Alan E. Nourse : Das Phantomschiff (Raiders from the Rings)
Terra SF 518/519, 12.05.1967
Aus dem Amerikanischen von Birgit Ress-Bohusch
Titelbilder : Karl Stephan
The Raiders could hear the mauki’s chant from the moment they boarded the ship from Earth.Aus dem Prolog
It came from somewhere deep in the heart of the craft, and they paused as soon as the outer hatchway had been forced, listening in spite of themselves in the darkness of the corridor. It came to them softly at first: a clear, sweet woman’s voice, sharp as crystal in their ears. Then it rose higher, mournful and shattering, and the words became distinct in the ancient, heart-rending lament that the raiders had heard so many times before. Urgent as their mission was, they could not help but listen for a moment, feeling the wave of sadness and longing surging up in their throats.
Beyond them the ship’s corridor was empty; there was no sound here other than the chant. Not even the throbbing of the ship’s generators was audible in the blackness. The raiders stood transfixed for a moment. Then Petro, the leader, took a deep breath and flicked on the battle lantern at his belt.
“She’s here, all right,” he said. “She must have the whole crew listening. Let’s go.”
The three men moved down the corridor, flashing their lights cautiously. Petro pointed to an overhead conduit. “Jack, that must be the main power cable. Follow it down to the generators, and wait for the word. Tiny, you come with me. And be careful. We can’t assume that everybody’s listening to the woman.”
Silently they moved along to a corridor crossing, then ducked down a ladder into a storage hold. It had been ridiculously simple to break into this huge, clumsy ship from Earth. From the first fleeting contact a week before, the raiders had been stalking it, watching with contempt as it moved ponderously on its way through the Asteroid Belt, unaware that it had even been spotted. Finally it moved into the shadow of a huge chunk of asteroid debris and waited, obviously depending on its radar screens to pick up any approaching vessel. With the clumsiness so typical of Earthborn men in space, the crew of the Earth ship had overlooked the fact that the asteroid they were using for concealment was blinding them completely
on one side. It was then that the Spacer ship had moved in on its prey.
Now the raiders were aboard, and the mauki was doing her part. Petro and Tiny worked their way through the pitch-black holds into the galley and down toward the brig area. They were big, powerful men but they moved like jungle cats in the darkness. Not once did they encounter one of the Earth crewmen. When they finally approached the brightly lighted mess hall just above the brig area, they saw the reason why.
The crew were listening to the mauki. The mess hall was crowded with men; still others were jamming the approach corridors and ladders down to the woman’s cell. Some smoked, some munched slowly on the remnants of dinner, shifting to new positions for comfort, but all of them were listening intently to the haunting measures of the chant, like men in a dream from which they could not escape.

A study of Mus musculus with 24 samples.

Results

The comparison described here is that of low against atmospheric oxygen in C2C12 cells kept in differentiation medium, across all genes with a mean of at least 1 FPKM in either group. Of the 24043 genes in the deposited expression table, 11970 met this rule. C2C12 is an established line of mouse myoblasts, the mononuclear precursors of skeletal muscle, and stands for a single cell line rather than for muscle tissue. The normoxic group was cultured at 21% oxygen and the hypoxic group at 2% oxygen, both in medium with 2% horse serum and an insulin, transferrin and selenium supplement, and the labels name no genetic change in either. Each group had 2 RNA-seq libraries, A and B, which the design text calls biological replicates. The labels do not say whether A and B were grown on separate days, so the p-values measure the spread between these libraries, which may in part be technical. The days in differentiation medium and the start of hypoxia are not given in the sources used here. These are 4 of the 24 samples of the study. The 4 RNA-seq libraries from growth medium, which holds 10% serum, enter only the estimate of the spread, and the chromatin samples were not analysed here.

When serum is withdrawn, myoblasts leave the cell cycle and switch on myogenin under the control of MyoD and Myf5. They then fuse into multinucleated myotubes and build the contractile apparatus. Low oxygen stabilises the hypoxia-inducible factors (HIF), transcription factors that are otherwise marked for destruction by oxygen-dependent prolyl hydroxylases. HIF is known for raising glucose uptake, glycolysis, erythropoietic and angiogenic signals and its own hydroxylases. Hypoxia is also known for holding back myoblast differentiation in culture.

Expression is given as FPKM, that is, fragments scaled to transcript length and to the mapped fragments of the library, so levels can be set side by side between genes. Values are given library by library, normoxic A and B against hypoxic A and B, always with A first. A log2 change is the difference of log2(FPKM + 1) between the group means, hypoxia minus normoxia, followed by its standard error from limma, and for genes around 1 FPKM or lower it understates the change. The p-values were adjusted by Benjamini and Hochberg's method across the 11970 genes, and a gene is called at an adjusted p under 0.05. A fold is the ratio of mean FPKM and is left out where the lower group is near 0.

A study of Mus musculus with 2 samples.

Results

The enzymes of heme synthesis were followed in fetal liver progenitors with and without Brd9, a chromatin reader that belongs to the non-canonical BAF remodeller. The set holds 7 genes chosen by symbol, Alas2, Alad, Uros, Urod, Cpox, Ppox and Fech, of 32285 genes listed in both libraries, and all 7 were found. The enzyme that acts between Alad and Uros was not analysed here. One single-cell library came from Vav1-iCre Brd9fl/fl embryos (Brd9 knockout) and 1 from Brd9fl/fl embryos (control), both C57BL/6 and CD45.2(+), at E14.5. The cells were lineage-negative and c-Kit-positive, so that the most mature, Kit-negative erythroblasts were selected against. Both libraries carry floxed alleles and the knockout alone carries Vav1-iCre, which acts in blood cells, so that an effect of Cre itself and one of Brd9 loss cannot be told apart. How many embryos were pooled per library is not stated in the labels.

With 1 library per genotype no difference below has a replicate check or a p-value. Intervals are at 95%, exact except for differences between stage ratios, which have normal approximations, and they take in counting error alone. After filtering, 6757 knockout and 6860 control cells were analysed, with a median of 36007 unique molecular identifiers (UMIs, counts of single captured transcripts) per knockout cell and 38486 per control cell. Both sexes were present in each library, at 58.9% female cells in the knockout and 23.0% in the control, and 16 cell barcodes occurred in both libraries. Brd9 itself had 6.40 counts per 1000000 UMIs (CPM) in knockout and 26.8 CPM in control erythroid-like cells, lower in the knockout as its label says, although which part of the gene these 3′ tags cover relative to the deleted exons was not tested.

In her tiny cell in the brig, the mauki stood gripping the bars, a tall, straight, proud woman, filling her lungs and throwing her head back as she sang. Entranced, her captors had become captives, straining to hear her, drawn from all quarters of the ship, leaving their work to come closer as the chant struck home. Petro winked at his companion, and ducked down a side corridor leading to the brig area. “She’s got them hooked, all right,” he said. “The child must
be in there with her. Got the cutting torch ready?”
“Yes. But I don’t see the kid.”
Petro clicked on a handset. “Ready, Jack?”
“Then let it blow.”
Ein Jugendbuch von Alan E. Nourse, das - soweit ich das US-amerikanischen Kommentaren entnehmen kann - wohl bei den Kindern damals gut ankam. Als die Männer und Frauen der Erdsateliten sich weigerten, die auf den Satelliten stationierten Waffen im Krieg einzusetzen, wurden sie ausgestoßen und es entbrannte ein Konflikt zwischen den Erdbewohnern und den Raidern, die Mars und Astereoiden bewohnbar gemacht haben. Durch einen strahlungsinduzierten Gendefekt können sie nur männliche Nachkommen zeugen, so daß sie zur Fortplanzung auf das Kidnapping von Erdfrauen angewiesen sind ...
Und ja, die Geschichte liest sich genauso altbacken, wie der geneigte Leser jetzt befürchtet. Da wird praktisch kein Fettnapf ausgelassen, inklusive der Weisen Alten Außerirdischen, die die Menschheit retten wollen. Wirklich kein Roman, den man unbedingt gelesen haben muß. Ich war auch nach den ersten dreißig Seiten absolut irritiert, denn den Plot hätte ich eher in die 30er und 40er verortet. Der Roman ist tatsächlich aber erst 1962 erschienen. Allerdings ist "Raiders from the Rings" ein Fixup, der Roman basiert auf der 1951 erschienenen Geschichte "Song of the Mauki" von J. A. Meyer, einem langjährigem Co-Autor von Alan E. Nourse.
Insgesamt also eher etwas für Kinder als für den erwachseneren SF-Leser.